Angler Recruitment, Retention, and Reactivation: The Future of Fisheries and Aquatic Conservation

Chapter 9. Employing Data Analytics to Enhance Planning and Marketing of Angling

John Taylor, J. Warren Schlechte, Robert F. Otondo, J. Wesley Neal, and Nick Guild

doi: https://doi.org/10.47886/9781934874738.ch9

The preceding chapters have established that recreational angling has been stagnant or declining for several decades and that this decline threatens the historic funding mechanisms on which most conservation and management agencies, manufacturing partners, and private outfitters depend (see Chapter 1). Hunting has realized an even greater decline in participation than angling (e.g., Enck et al. 2000; Ryan and Shaw 2011; Price Tack et al. 2018). If one thinks of recreational angling and hunting as industries, a declining customer base might foreshadow the eventual decline and death of the respective industries. With this possible fate in mind, many agencies have commenced efforts to recruit new anglers and hunters, retain existing participants, and convince former participants to rejoin the angling and/or hunting ranks (reactivation). The goal of these efforts is to reverse the long-term decline in angling and hunting participation and the financial complications it entails (Byrne 2016). Although recruitment, retention, and reactivation (R3) efforts have been ongoing for several decades, they have rarely yielded the anticipated outcomes. Programs often report success based on number of participants, with little information on whether these “recruits” were new participants or merely existing participants already engaged in outdoor activities (e.g., AREA and RBFF 2016). In other words, these programs might be encouraging retention of current anglers and reactivation of former anglers by providing opportunity but may not be reaching significant numbers of potential new anglers.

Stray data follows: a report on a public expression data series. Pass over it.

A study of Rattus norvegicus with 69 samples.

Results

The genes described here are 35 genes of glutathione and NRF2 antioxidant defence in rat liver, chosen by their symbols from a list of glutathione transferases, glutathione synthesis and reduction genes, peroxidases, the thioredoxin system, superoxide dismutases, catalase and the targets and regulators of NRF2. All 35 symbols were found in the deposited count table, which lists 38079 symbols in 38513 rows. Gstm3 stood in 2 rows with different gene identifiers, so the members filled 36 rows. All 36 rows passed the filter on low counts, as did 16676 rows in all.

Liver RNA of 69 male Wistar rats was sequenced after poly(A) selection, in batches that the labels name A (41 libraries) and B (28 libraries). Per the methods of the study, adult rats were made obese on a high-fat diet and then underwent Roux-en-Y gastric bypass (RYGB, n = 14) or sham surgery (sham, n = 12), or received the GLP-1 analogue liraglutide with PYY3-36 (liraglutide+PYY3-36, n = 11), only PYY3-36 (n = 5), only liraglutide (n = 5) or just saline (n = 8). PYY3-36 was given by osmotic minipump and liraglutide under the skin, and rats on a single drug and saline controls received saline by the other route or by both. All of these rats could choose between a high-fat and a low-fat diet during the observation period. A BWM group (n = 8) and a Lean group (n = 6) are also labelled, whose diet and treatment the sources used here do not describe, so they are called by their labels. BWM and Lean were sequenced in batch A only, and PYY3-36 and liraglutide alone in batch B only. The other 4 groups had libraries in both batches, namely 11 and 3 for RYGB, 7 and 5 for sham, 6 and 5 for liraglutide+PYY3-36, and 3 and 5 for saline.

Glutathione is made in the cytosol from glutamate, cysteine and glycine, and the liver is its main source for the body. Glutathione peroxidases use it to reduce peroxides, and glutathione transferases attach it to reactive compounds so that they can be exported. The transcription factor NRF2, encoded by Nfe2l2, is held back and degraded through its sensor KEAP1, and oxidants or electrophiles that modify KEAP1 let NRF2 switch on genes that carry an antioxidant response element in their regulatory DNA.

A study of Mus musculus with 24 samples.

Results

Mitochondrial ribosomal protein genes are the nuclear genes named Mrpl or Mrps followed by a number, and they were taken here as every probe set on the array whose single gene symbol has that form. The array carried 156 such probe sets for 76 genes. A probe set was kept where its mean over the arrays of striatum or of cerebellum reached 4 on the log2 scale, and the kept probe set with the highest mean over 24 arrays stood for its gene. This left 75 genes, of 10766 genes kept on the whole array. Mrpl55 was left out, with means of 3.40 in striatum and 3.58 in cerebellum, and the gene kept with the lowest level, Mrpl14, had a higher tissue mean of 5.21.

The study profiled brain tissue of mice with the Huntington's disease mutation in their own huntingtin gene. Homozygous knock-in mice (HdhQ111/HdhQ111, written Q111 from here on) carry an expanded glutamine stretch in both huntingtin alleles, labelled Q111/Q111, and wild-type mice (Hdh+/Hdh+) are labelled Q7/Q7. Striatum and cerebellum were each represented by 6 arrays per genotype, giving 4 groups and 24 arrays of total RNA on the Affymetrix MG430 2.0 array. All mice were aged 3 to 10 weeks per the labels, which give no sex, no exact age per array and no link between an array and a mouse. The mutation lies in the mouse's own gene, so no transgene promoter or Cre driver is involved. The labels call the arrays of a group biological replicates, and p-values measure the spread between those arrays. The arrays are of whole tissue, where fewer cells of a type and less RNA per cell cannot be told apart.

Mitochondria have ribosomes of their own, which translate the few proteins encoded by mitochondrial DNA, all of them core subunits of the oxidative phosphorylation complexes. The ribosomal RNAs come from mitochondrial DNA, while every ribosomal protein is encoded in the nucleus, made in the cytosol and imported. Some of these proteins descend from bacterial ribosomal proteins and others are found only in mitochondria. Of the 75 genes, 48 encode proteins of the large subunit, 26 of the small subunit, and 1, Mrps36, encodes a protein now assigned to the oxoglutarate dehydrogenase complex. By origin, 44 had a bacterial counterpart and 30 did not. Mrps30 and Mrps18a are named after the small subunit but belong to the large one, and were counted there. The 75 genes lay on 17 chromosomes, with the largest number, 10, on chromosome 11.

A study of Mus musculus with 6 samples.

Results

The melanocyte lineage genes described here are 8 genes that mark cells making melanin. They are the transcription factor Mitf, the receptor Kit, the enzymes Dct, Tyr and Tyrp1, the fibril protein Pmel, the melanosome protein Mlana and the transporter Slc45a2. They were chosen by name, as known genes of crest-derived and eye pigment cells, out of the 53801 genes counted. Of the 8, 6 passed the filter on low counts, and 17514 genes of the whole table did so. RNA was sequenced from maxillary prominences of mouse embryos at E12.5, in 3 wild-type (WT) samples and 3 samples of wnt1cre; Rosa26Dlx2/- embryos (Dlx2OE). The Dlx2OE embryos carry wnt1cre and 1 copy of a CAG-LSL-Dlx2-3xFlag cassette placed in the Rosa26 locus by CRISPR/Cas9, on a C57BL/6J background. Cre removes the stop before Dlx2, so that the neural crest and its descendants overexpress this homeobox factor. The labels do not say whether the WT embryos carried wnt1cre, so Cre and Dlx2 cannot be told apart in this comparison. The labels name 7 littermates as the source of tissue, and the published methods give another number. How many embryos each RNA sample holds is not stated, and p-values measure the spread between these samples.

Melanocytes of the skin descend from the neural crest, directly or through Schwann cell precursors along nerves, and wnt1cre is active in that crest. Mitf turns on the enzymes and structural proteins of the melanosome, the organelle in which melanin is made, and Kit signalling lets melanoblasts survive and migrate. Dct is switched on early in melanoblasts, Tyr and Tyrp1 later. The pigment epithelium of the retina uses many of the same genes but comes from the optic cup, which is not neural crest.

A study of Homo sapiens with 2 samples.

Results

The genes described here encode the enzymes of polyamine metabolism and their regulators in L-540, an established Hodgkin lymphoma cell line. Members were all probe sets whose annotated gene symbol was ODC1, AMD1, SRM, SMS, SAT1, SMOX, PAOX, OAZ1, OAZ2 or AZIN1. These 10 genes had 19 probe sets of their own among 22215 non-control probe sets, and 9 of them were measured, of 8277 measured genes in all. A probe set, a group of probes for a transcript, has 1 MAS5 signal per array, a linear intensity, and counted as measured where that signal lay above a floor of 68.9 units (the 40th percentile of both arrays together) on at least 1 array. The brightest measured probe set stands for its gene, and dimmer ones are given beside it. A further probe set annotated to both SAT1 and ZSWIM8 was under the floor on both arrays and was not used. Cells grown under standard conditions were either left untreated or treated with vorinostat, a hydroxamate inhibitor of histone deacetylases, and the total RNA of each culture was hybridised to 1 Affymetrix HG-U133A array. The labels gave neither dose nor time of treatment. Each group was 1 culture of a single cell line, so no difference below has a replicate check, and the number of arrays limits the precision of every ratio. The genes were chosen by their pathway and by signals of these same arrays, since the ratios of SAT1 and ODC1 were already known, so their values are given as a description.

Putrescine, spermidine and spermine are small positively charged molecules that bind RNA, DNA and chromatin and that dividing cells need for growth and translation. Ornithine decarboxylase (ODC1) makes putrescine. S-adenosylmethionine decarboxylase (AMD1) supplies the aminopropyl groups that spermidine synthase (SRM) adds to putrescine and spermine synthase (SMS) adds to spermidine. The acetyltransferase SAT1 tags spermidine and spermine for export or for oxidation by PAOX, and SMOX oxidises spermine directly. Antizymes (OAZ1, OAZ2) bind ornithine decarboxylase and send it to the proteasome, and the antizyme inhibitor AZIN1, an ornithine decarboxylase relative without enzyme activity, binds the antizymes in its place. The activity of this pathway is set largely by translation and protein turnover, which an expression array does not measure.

Of larger concern is a growing disconnect between the public’s perception of fish and wildlife resources and the agencies that manage those resources. Recent research has demonstrated that more Americans are moving from the traditional utilitarian view of fish and wildlife as commodities to be exploited to a value system that sees humans more as stewards and protectors of fish and wildlife (Manfredo et al. 2018). These related trends prompted the Association of Fish and Wildlife Agencies to produce a report (“Fish and Wildlife Relevancy Roadmap”; AFWA and WMI 2019) on maintaining relevancy as agencies work to engage and serve a broader constituent base beyond traditional hunters and anglers. Those working to engage traditional fish and wildlife participants must understand how those efforts can enhance or detract from the agency’s goal to maintain relevance across these diverse user groups. While important within the context of this chapter, this topic is addressed more fully in Chapter 13.